Thanks to chanson’s weekly round up, I read this post about Carson N. leaving. It reminded me of my own experience. My wife and I didn’t send emails, we sent letters in the mail. But the anticipation of the response from family was pretty intense. And one family member’s response was exactly what we feared – my mother called after receiving our letter and yelled at me for about 30 minutes, saying all sorts of horrible things, then hung up on me. We’ve never really talked about that phone call, but we’re on better terms now. And, in the years following that incident, my mother did say at one point that she would have rather that we had simply stopped attending and not told anyone, including her, than send out a missive telling everyone our intentions.
In hindsight, I question whether our approach was the best approach. In one sense, it probably was – for us. We were able to make a clean break from the religion. We were out; everyone knew we were out; and we had no commitments we had to break (for the most part).
But as far as impact on family goes, I wonder if this was the best approach. I don’t think it would have been as much of a shocker to my family if we just slowly drifted out and didn’t make a big deal out of it. Our reasoning at the time was that we had to be honest with everyone involved, particularly ourselves. But honesty “isn’t always the best policy” (I see that now). I’m sure our parents would have eventually figured out that we were not going to church and were not interested in Mormonism during our visits home, and I’m sure it would have led to some awkward conversations when we indicated that we didn’t want to say prayers or attend services with them. But our very loud rejection of their religion was probably a lot for them to handle all at once. If we had eased them into it, would things be different? Or, better reflecting my actual thoughts, “If we had eased them into our disaffection, would our exit have gone SMOOTHER?”
The other reason I think about how we left and whether it was the best approach is because the “big exiting letter” approach is so Mormon and so “cult-ish”. When a Catholic or Episcopalian drifts away from their religion, they simply drift away. I’ve spent the last year interviewing people who are “Nones” (no religious identification). A couple were Mormons (recruited through my friendship networks), but most were not. For some, when they finally told their parents that they didn’t want to attend services anymore, the parents were disappointed, and some were even a bit hateful (former Southern Baptists have had the hardest time with this), but most had a frank conversation and then it was basically not much of an issue after that.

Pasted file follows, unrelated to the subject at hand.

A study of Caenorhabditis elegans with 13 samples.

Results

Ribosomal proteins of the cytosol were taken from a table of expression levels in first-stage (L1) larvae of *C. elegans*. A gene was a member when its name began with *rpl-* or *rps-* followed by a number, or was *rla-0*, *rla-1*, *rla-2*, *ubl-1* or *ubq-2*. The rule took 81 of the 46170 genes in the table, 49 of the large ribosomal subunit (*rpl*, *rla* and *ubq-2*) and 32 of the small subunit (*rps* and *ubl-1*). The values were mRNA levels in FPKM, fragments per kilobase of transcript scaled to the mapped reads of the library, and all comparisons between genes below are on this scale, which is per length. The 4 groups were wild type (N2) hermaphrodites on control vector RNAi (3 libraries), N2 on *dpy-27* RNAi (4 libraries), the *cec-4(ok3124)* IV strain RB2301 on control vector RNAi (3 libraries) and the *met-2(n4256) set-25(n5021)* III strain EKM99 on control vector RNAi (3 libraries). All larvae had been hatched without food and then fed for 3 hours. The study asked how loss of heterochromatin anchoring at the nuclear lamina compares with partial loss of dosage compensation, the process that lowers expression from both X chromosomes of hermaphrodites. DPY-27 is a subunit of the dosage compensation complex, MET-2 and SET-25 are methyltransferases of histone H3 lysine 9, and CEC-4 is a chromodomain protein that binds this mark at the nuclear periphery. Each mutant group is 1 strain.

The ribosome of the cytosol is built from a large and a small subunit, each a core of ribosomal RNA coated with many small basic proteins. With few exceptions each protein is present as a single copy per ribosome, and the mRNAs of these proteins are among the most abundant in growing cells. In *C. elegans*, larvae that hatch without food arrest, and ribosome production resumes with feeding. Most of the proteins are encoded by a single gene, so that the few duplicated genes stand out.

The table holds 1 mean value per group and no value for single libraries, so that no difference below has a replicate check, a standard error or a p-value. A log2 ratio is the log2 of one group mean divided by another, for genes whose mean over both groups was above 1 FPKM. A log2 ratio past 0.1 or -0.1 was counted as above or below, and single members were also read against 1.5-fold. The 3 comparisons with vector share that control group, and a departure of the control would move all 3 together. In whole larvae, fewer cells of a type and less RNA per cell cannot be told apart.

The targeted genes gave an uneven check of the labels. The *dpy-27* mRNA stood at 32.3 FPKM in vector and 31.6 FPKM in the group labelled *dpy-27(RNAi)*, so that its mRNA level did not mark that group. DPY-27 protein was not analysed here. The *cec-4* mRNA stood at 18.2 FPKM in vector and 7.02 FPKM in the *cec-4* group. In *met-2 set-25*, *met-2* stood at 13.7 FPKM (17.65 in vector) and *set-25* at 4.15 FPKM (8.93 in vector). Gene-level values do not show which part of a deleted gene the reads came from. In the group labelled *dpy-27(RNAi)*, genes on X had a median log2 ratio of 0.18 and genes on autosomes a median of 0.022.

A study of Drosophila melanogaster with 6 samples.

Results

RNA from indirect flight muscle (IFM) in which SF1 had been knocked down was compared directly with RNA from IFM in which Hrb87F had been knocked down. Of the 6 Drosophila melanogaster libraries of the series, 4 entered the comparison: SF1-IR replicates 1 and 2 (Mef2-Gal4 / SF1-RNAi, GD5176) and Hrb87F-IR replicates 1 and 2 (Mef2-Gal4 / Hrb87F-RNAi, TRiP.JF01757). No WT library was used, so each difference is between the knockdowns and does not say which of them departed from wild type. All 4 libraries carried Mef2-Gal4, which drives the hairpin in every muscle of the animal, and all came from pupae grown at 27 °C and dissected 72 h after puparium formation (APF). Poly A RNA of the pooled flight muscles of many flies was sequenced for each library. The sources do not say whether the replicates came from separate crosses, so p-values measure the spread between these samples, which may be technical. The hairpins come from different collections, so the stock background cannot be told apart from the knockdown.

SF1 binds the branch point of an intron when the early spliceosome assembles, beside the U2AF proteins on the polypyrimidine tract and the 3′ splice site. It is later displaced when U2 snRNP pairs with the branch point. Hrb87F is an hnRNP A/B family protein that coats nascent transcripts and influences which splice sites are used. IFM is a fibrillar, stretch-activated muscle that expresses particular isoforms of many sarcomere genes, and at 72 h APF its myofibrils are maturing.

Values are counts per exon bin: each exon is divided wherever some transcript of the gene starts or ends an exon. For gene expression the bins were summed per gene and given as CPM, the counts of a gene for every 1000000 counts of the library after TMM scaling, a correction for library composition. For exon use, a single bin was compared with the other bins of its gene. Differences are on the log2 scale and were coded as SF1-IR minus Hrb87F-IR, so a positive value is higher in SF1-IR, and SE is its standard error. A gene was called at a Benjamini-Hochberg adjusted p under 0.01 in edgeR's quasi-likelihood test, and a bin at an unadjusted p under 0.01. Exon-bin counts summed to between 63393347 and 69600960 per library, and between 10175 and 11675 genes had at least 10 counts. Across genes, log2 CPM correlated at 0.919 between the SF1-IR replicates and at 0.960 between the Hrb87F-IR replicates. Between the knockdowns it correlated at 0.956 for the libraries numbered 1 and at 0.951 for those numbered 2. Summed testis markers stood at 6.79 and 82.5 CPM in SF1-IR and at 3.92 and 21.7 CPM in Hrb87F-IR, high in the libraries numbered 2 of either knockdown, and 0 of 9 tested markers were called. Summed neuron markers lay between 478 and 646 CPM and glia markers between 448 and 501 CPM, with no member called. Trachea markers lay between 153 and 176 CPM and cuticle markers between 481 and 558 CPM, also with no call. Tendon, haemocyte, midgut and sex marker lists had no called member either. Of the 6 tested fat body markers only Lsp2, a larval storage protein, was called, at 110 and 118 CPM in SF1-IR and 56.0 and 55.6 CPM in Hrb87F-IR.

That Mormons feel obligated to write a letter (1) saying that they are leaving and, (2) defending that they are leaving, says some interesting things about the Mormon mindset and the Mormon religion. First, it suggest to me that Mormons give a lot more power and authority to their religion than do lots of other religious people. To Mormons, the Church is a big fracking deal! You can’t just ignore it. You can’t just walk away when you realize how offensive it is. You can’t just disappear from the Church’s radar.
You have to freak out! You flip it the bird, tell it off, and warn it to never come back! That suggests to me that the Mormon Church functions more like a bully than just some annoying friend. You don’t ignore bullies. You beat the crap out of them in order to get them to leave you alone, a la Casey Heynes:
But it also suggests something about those trying to leave. They are locked into a mindset in which the religion has power over them. They have to reject that power, and that requires an actual act of rejection, like writing the “big exit letter.”
Now, not all Mormons leave that way. There is a great deal of speculation as to how many people are leaving the religion every year, and my guess is that, of the many who do, most do just drift away. But many of those are recent converts who never did give the religion the kind of power that it has in the lives of those raised in it. Yes, the Church tries to “bully” these people back by tracking them down and periodically sending someone to get them to come back, which reflects the authoritarian attitude of the religion – “we are in control here,” “you leave under our terms,” “it is our church, not yours.” But most of those who drift out don’t buy into it and simply continue ignoring a pesky religion they dabbled with for a short while. But for those of us who really bought it, who really believed it, and who gave our power to the Church, what do we do?
So here’s my big question: Is the “Big Exit Letter” (BEL) necessary for victims of LDS, Inc.? Or should we just drift away?